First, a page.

On April 17, 2023, Class V Group co-hosted the 10th Annual IPO Summit at the NYSE attended by hundreds of private company founders, CEOs and CFOs. At that event Leslie moderated a discussion entitled “CFO Leadership in Times of Uncertainty” featuring Tricia Tolivar, CFO of CAVA and John Rucker, CFO of Arcadia. Below are a few insightful takeaways from that event.
Uncertainty is the new normal. It is important to have a clear mission.The mission should be the North Star of the organization in times of uncertainty and for the CFO, to be the steadying force. Develop a strong 3 to 5 year mission-driven plan and 12 month rolling tactical plans. Stay agile and communicate, communicate, communicate. Develop clear KPIs for workstream owners.
Do not expect a magical period of calm in which you will have time to focus on maturing the organization and developing public company readiness. You should be doing both simultaneously, operating the business and actively maturing the organization. Almost everything you need to do to operate successfully in the public markets, you will want to do anyway to build a sustainable/thriving/enduring business, whether an IPO window opens up or not.
It takes time to become IPO ready. Pick a date 18 to 24 months in the future and work back. Develop a multi functional work plan that includes each part of the organization that will have a role. In addition to finance and legal this includes HR, IT, Comms and more. Start with your data. A sound data strategy is critical to public company readiness.
Expensive top down IPO readiness assessments may not be the best place to start for most young organizations. We prefer more tactical focused assessments with subject matter experts as partners who can not only help assess a technical area but can also provide tactical, affordable resources to help your team learn and remediate.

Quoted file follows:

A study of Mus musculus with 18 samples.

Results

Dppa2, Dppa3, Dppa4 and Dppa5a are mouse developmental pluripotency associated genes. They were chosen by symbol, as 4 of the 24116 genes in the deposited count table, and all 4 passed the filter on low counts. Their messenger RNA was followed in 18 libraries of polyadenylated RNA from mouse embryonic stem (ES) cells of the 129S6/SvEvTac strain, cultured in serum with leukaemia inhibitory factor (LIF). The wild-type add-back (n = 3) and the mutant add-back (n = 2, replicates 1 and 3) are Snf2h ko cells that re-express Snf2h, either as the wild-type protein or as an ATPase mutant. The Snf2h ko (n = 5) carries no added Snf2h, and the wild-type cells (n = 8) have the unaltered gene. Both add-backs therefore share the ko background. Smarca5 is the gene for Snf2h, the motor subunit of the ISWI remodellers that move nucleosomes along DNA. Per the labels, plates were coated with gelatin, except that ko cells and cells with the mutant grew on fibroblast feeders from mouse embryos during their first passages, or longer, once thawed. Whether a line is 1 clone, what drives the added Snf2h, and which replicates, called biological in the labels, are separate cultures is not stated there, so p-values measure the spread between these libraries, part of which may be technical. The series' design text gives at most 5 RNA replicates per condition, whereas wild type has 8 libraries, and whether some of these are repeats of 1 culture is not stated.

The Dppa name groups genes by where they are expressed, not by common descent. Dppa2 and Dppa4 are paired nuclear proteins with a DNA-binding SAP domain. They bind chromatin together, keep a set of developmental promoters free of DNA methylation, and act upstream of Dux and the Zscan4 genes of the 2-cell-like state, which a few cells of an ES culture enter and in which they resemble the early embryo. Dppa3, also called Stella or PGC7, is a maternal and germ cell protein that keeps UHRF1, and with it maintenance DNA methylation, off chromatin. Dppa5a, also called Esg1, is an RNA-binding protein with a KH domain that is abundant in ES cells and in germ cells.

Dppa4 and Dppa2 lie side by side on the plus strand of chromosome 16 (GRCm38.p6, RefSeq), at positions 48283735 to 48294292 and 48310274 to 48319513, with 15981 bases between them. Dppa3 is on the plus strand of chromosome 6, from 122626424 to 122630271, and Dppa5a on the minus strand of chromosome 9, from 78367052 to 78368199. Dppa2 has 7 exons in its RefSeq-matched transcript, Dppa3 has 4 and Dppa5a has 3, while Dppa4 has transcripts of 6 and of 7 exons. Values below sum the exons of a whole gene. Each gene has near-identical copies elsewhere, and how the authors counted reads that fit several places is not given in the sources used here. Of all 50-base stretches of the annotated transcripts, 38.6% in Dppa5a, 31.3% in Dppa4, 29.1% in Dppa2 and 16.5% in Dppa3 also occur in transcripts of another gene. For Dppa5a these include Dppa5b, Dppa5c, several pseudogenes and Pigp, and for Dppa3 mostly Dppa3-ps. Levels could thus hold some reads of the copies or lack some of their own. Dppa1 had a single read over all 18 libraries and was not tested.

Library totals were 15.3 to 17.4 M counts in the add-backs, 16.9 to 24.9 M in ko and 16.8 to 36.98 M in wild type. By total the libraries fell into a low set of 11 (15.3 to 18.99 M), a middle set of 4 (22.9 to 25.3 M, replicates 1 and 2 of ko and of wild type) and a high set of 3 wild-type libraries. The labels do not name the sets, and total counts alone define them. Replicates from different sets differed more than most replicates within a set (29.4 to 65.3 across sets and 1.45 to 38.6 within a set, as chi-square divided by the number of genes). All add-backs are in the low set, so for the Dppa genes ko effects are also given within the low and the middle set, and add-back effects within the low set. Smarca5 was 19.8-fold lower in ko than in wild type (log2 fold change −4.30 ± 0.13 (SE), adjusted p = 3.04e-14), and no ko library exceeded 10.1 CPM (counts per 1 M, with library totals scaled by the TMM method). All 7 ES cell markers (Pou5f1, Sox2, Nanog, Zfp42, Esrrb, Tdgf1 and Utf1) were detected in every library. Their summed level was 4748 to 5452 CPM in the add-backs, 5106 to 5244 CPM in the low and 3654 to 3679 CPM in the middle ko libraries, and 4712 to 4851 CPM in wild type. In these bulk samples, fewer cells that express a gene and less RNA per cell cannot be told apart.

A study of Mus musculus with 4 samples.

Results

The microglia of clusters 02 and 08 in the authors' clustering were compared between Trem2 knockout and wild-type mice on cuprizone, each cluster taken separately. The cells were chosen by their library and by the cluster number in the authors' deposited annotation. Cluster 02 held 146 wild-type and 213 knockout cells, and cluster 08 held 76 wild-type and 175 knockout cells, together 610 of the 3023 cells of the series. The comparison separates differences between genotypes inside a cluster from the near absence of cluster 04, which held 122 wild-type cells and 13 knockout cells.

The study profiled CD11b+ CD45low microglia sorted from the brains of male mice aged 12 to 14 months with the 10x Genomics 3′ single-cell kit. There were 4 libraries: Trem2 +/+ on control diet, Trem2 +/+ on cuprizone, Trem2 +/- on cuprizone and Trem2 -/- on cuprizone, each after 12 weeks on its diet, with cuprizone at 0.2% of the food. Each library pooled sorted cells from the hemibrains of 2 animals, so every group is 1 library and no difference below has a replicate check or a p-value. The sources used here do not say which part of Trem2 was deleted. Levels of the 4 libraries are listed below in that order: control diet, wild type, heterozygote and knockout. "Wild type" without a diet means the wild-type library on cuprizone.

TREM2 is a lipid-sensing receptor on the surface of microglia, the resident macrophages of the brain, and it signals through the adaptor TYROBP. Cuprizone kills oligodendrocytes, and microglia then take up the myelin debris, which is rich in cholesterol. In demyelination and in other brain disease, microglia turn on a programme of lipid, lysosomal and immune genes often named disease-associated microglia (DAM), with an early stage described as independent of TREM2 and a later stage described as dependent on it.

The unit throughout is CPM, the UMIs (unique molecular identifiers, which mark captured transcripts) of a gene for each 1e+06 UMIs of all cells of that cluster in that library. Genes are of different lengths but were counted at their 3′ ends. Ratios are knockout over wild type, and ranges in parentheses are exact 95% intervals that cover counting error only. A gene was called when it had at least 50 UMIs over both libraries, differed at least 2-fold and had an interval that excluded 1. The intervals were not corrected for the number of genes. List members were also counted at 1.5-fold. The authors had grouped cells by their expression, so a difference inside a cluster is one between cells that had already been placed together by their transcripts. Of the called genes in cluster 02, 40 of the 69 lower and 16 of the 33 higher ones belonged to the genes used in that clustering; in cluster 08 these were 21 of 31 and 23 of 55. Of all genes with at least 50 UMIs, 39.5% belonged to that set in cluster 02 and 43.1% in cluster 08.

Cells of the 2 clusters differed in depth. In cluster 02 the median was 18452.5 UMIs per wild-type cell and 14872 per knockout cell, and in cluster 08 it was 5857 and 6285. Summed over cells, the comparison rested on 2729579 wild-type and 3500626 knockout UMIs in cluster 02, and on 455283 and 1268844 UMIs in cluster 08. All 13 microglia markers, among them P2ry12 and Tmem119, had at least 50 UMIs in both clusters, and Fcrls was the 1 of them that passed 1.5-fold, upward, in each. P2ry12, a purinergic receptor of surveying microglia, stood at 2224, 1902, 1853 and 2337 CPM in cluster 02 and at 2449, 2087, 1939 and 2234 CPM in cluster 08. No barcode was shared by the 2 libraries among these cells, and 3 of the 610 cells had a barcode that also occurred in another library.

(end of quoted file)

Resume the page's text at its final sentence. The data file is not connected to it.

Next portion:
Build knowledge within your organization, Do as much of the tactical readiness work as you possibly can in house because that knowledge will be critical to your success once public. Bring in advisors to support your organization's learning so that your team is strong and ready. An advisor should act like a personal trainer, helping you develop the internal discipline and muscle to succeed as a public company.
Hire an experienced independent advisor to help you develop and execute your cross departmental IPO readiness plan and project. Some advisors are focused just on the transaction or investor relations. The best advisors provide senior level attention and get in the trenches with management and their teams building public company know-how..The right advisor can help you avoid costly mistakes on the path to readiness and should be 100% independent, working for the company and company only. Beware of advisors who get paid by your bankers, if they are paid like bankers they will operate like bankers.
A CFO should be ready to step up to lead the company through the IPO process to take your company public. If you are the right financial operations leader for your business you can be the CFO who takes the company public. Let your chosen advisor help you navigate what you do not know.
Be Prepared. Emerging growth companies are held to a public company standard as soon as the meetings with bankers and public investors begin. Work to develop relationships and a track record of delivering before you go public but make sure your story is crisp and clear. Be confident that your organization is ready to deliver before you step out on the stage.
Bring your board along for the journey. Visibility and delivering by successfully leading the public company readiness process underpins support. Your board can be tremendously helpful during the IPO process and you can learn from their experience, but at the end of the day, your team must call the shots. You will have to live with the outcomes.
The Panel Projects that the IPO window opens later this year. At the Summit, our panelists painted an optimistic outlook for the IPO market citing signs the market is healing and potentially opening in the back half of this year. For example they saw block trades and marketed follow-on offerings coming back at increasingly narrow discounts indicating investor appetite for new issuance is recovering.